Hearing the words ‘walk through a’ forest/mountain/beach always throws me off somewhat; instead of relaxing me it niggles me (Picture: Getty Images)Have you ever noticed that many guided meditations start off with an instruction such as ‘you are walking through a forest…’?
Well, wait a minute, what if you are scared of forests? I mean hello, I’m still traumatised from The Blair Witch Project circa ‘99…not exactly the most relaxing imagery!
OK, I guess I can come on board with the forest but what I often struggle with, as I lay on my bed trying to channel my inner guru, is the fact that I cannot walk.
Hearing the words ‘walk through a’ forest/mountain/beach always throws me off somewhat; instead of relaxing me it niggles me. Just another little microaggression in my daily routine that proves how systemic ableism truly is.
You may have heard of ‘mindfulness’ but it is hard to clear my mind and focus on the moment when the narrator’s reminding me of yet another social exclusion I feel as a disabled woman.
I have a meditation app on my phone – downloading it was a suggestion by my sister who rated it highly. In all honesty I wasn’t too keen at first as I know I’m terrible at committing to something like a daily meditation, heck I even forget to take my daily supplements even though they are in one of those weekly pill boxes on my nightstand.
Also it wasn’t free, it’s a subscription, something I pay around £30 a year for. I treated myself because I needed something to help with my anxiety, which has, like for many of us over the past year, reared its ugly and unforgiving head ensuring that I don’t sleep and leaves me convinced Armageddon is upon us.
So, each night after I’ve put my cats to bed at 10pm sharp, I quietly get into bed, hoping they won’t start scratching at the door, and listen to my daily meditation.
It generally starts by asking you to get comfortable, usually with a straight back – another thing I find pretty awkward as someone with scoliosis. The session normally rounds off by asking you to wiggle your toes, feel the ground under your feet and so forth. It has recently occurred to me, since I began using the app six months ago, that these are all ableist comments.
Many of my friends and colleagues are paraplegic or have conditions meaning their nervous system is affected. I have nerve damage in my lower legs from a spinal operation that didn’t go to plan and I can’t remember the last time I put my feet on the floor.
OK, so do I believe these comments are purposely to exclude the disability community? No. I do however believe these small details and failure to recognise that bodies come in all shapes, sizes and abilities are down to ignorance and deep-rooted systemic disablism (discrimination or prejudice towards deaf and disabled people) and ableism (discrimination in favour of non-disabled people).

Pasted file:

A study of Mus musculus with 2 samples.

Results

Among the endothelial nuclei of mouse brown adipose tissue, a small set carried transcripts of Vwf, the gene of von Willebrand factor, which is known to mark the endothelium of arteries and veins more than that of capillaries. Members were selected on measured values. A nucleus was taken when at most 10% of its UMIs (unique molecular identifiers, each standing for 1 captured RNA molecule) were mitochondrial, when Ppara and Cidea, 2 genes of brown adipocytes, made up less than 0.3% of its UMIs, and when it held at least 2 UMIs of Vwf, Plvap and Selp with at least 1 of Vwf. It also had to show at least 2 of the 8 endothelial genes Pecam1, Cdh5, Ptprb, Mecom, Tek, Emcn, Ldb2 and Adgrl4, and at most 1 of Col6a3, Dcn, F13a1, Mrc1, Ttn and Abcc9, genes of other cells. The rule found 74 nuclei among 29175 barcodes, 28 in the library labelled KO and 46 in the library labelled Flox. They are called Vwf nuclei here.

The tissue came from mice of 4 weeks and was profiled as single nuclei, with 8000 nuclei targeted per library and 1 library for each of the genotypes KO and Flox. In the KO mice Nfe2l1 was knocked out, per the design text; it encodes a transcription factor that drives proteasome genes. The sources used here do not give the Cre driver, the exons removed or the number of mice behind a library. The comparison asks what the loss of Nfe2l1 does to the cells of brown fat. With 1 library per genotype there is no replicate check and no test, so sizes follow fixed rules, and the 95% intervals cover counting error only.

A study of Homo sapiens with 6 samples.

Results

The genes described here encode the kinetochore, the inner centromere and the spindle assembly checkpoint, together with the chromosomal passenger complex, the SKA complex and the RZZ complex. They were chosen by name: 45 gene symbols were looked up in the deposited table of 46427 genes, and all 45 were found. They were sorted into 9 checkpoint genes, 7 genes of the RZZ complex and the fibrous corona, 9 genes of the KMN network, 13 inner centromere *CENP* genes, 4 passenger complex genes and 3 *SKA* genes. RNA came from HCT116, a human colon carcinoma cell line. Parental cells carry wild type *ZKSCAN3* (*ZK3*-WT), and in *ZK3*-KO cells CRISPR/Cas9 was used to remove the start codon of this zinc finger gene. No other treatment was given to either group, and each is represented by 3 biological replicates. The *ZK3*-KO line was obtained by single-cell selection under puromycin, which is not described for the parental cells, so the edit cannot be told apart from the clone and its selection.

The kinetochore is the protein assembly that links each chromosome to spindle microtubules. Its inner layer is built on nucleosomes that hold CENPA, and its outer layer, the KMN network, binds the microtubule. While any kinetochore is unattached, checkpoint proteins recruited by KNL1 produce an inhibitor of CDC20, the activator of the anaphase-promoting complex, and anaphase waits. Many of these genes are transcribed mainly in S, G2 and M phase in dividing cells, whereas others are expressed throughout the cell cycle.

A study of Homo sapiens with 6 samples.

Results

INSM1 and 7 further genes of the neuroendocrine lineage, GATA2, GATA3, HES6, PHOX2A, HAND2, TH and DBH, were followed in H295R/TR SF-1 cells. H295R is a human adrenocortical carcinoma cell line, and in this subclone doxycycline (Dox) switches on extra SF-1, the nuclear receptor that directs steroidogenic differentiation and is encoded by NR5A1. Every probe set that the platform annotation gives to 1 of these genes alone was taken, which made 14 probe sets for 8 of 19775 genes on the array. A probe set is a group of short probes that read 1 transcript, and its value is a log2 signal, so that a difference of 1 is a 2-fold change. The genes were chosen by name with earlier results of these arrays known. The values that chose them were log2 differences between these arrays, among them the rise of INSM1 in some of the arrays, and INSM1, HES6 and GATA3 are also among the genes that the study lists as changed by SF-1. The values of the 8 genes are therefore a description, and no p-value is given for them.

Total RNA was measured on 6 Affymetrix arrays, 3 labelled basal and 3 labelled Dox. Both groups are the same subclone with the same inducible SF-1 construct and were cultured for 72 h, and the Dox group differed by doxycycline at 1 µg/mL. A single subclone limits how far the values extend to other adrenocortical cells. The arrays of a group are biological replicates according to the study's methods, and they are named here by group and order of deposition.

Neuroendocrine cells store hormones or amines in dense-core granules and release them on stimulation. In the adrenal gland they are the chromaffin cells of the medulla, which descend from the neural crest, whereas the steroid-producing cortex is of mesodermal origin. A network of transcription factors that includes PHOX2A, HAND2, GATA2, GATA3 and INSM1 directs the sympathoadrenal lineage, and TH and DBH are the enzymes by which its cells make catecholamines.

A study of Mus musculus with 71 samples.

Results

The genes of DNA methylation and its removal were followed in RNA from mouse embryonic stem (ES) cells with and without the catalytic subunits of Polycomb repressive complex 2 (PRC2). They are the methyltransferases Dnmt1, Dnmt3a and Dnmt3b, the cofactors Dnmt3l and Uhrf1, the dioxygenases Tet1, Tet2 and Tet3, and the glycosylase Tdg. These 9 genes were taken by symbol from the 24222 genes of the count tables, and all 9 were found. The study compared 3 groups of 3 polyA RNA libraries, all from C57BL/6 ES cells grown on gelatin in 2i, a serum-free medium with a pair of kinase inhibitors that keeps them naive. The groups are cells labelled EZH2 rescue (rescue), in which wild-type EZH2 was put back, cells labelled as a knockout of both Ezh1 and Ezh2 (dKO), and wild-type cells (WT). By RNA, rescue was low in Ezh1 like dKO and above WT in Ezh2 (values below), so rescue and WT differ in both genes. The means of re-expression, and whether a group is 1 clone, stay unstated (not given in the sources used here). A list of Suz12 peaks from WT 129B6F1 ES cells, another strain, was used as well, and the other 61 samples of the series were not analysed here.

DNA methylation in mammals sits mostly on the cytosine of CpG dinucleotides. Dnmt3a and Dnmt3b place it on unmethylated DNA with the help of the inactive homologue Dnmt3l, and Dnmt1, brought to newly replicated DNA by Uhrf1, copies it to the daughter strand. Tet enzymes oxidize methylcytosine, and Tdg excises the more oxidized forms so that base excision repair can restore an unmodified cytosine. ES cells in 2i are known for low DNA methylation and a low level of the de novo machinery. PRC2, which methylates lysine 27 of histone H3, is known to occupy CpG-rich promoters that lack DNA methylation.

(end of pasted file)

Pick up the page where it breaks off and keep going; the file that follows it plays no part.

I can already hear the critics now – ‘what woke dribble, surely, it’s just semantics rather than ableism? A guided meditation can’t cater for everyone.’
To a point I agree, creating a more inclusive world is not straight forward but this doesn’t mean we should not try to think about equality and, in doing so, creating equity so future generations will not need to fight to feel included.
There are one billion disabled people globally, we are the world’s largest ‘minority’ group and our spending power with the disability market alone reaches £13 trillion, that’s a market bigger than China. So if I’m spending 30 odd pounds a year on an app, I as a consumer would like to feel that my money is valued and I am recognised as a member of society not a second class citizen, which I often feel like daily.
Companies should acknowledge that deaf and disabled people exist and that we contribute to the economy (Picture: Samantha Renke)Targeting meditation apps may seem like a drop in the ocean but, according to the National Alliance on Mental Illness, depression is the leading cause of disability worldwide with adults with disabilities reporting that they experience more mental distress than those without disabilities. Covid-19 greatly impacted the mental health of people with disabilities from increased isolation, disrupted routines, limited access to healthcare and reduced resources.
Perhaps for some these things are ‘simply an app’, but for others, myself included, they are invaluable tools to maintain wellbeing and keep anxiety at bay.
Change could be as simple as using phrases such as ‘get yourself into a comfortable position, no matter what that looks like’ or ‘if you can’ wiggle your toes. It really would not cost anything to create a more inclusive environment in this way.
And it isn’t just about the language used. I would like to see all apps become more accommodating by ensuring that their software offers a range of accessibility features such as, larger text, ALT, text spacing, animation pauses, screen contrast options and so forth.
I have recently been creating my own website and these are some of the things I needed to think about. I don’t think it’s too much to ask that tech designers and developers take the needs of disabled people into account.
It’s about businesses recognising they aren’t doing enough but that they are eager and willing to pledge an action plan to become more accessible.
Any brands that are engaging with the disability community via initiatives such as The Valuable 500 (a global movement putting disability on the business leadership agenda) or signing up to Purple Tuesday (a change programme for organisations to get involved in a common goal of improving the customer experience for disabled people) are doing it right in my book.
Companies should acknowledge that deaf and disabled people exist and that we contribute to the economy. We want to feel represented and we can certainly help brands and organisations to figure out how best to include us – they simply have to ask.